Going global: new initiative prepares to expand the university’s reach


Calvin partners with Wiley Education Services to expand classes worldwide.

In an attempt to reach populations far beyond Calvin University’s physical campus, the office of the provost has begun planning online master’s degree programs to be offered starting this fall. The initiative is led by Associate Provost Kevin den Dulk, who was appointed to his position on Jan. 1 of this year.

The program, provisionally named Calvin Global Campus (CGC), plans to offer an online master’s degree in education in the fall of 2020. In the next four years, den Dulk said the program will begin to offer online master’s programs in strategic communication, speech pathology, public health, geographic information systems (GIS), public administration, business, exercise science and data analytics. Plans for the program are still tentative, and more graduate programs will be added as plans solidify.

To better design the online courses, Calvin partnered with Wiley Education Services (WES), a provider of online program management, on Jan. 31. WES will contribute their experience in designing online courses as well as assistance in market research and advertising, but Calvin faculty will remain responsible for developing the curriculum and content of courses. Den Dulk stated, “Our faculty still have full control over what the content is and even how they want to teach the course.” He later emphasized that this control over content will serve to maintain Calvin’s mission as the university seeks to reach new and diverse audiences.

CGC plans to initially focus advertising efforts on the Midwest, where Calvin is a known and trusted institution. However, den Dulk said that the university will not wait long to reach out across the country and around the world. When speaking of hopes for the program, he brought up Calvin’s connections to countries in Sub-Saharan Africa, Southeast Asia and Latin America, and the potential this network has for offering crucial education and skill development in foreign countries. “The idea is that our boundaries are really the globe itself once you start to operate with the online platform,” den Dulk explained.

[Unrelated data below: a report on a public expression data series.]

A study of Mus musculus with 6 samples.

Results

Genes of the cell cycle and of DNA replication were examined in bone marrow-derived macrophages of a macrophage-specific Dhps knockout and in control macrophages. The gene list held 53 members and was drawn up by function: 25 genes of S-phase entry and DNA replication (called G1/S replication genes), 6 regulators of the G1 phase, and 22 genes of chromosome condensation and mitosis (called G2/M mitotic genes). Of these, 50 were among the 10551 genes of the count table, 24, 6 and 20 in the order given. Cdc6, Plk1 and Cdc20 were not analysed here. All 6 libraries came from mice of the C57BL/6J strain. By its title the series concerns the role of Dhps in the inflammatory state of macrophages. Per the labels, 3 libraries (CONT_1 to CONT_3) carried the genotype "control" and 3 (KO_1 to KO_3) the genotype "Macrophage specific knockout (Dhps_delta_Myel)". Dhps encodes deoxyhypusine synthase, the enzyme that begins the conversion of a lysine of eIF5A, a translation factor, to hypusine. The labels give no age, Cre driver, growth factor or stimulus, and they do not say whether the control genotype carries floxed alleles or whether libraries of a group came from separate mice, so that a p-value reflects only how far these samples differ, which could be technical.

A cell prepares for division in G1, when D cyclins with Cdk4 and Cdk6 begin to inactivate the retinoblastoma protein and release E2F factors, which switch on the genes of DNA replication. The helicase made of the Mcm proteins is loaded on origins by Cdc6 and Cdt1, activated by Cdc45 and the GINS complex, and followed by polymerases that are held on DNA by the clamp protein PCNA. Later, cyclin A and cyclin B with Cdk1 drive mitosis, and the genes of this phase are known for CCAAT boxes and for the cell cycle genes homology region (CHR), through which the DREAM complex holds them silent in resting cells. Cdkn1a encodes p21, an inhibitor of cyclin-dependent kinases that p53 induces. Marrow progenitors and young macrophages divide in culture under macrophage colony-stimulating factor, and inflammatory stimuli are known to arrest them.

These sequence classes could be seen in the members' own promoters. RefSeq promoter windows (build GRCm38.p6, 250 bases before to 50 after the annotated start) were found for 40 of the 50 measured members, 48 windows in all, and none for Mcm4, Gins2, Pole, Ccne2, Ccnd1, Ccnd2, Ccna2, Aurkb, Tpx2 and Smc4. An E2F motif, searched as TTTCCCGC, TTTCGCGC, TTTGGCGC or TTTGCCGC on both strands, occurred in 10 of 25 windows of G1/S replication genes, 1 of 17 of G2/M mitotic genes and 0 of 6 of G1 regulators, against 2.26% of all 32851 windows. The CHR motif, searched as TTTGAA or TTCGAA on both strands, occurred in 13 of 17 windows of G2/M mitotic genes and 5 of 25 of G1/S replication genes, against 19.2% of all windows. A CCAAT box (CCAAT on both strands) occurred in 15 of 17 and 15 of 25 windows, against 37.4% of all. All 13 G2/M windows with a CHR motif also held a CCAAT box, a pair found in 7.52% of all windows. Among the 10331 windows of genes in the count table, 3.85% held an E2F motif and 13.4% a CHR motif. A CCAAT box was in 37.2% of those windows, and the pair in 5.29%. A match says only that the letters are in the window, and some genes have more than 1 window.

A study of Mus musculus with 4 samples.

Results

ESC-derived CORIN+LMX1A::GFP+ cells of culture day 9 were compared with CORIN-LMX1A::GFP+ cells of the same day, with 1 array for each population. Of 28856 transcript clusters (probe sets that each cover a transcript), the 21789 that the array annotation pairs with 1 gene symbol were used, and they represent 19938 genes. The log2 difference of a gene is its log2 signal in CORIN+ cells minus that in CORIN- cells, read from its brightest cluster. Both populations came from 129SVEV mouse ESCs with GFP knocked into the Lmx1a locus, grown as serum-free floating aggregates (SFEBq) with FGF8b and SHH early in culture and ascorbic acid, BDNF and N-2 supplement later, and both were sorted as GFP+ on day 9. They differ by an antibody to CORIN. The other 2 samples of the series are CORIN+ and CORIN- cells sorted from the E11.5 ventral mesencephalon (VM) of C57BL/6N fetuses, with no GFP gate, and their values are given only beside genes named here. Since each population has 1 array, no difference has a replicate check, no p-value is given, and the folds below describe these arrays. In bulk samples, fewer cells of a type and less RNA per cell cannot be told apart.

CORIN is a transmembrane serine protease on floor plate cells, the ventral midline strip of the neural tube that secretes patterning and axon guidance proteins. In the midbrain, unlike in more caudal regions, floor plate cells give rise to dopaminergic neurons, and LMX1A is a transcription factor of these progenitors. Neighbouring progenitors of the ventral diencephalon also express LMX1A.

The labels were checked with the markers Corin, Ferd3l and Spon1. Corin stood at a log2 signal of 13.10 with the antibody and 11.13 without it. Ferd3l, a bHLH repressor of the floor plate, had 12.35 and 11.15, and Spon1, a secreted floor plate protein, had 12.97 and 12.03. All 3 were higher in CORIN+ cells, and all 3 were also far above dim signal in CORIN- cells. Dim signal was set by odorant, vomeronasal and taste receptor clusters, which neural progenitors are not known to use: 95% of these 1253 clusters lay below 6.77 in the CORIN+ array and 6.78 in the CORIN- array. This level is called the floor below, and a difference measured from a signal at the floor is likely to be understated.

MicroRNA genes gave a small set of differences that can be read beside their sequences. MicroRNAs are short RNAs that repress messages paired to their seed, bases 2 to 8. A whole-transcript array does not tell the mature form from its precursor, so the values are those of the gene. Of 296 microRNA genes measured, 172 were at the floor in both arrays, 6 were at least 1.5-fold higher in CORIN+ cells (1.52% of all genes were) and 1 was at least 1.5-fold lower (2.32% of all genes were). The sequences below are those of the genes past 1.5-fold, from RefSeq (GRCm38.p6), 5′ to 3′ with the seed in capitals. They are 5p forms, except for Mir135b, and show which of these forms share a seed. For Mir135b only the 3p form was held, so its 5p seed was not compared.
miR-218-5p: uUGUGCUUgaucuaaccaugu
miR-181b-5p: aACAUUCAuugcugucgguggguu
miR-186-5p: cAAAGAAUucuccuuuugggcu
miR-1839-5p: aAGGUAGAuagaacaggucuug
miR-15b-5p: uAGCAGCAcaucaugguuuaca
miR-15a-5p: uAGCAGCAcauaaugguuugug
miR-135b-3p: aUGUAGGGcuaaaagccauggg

Jason VanHorn, co-chair of the geology, geography and environmental studies department, said the department is excited by the prospect of offering an online Master of Science in GIS because “it will allow students to gain advanced knowledge in a post-graduate environment with a Christian perspective, no matter where they find themselves in the world.” The department currently offers one course online and will begin offering two more next year. The online master’s in GIS is expected to launch in the fall of 2021.

In addition to offering online graduate programs, CGC hopes to partner with regional businesses and nonprofits to offer professional and skill development programs tailored to the needs of individual organizations. Den Dulk explained that online education is only a third of what CGC hopes to do to expand the reach of Calvin’s mission. Other avenues that CGC plans to pursue include programs for those working in the correctional system, expanding offerings for lifelong learning, and creating options for pre-college education.

Most programs will offer varying options, from accelerated to self-paced. This range of required commitment will make programs accessible to recent graduates as well as adults with children or full-time jobs. CGC’s target population is diverse, and the options need to reflect that.

The cost per credit for CGC programs has not yet been determined, but den Dulk expressed that the price per credit will be different than the cost at the residential campus. Although on-campus tuition has a high sticker price, financial aid often lowers the price significantly. CGC programs are planned to offer a very low sticker price without access to much financial aid. Prices across online programs may also differ, while program prices on the physical campus are typically similar. Den Dulk added, regarding the initial investment from the university, that each program is expected to pay for itself within three to five years of its introduction. Programs will also be subject to review and evaluation every few years.

While many of the offered programs seem to be connected to current programs offered at Calvin’s physical campus, den Dulk said that the program will do its best to avoid redundancy. Many of the programs will build upon courses offered during undergraduate studies at Calvin, but they won’t repeat or replace them. “Introducing this new global campus is a way to really strengthen the residential campus at the same time,” den Dulk stated. Going on to speak about the need for outside instructors to partner with Calvin faculty in teaching online courses, he said, “I think it will actually bring in new faculty and ideas… we will need lots of people to teach online courses.”

Den Dulk, who described his work as “learning to build the house while living in it,” will continue to develop and solidify plans for the degrees to be offered online as this fall approaches. The university will release further information as plans become more concrete.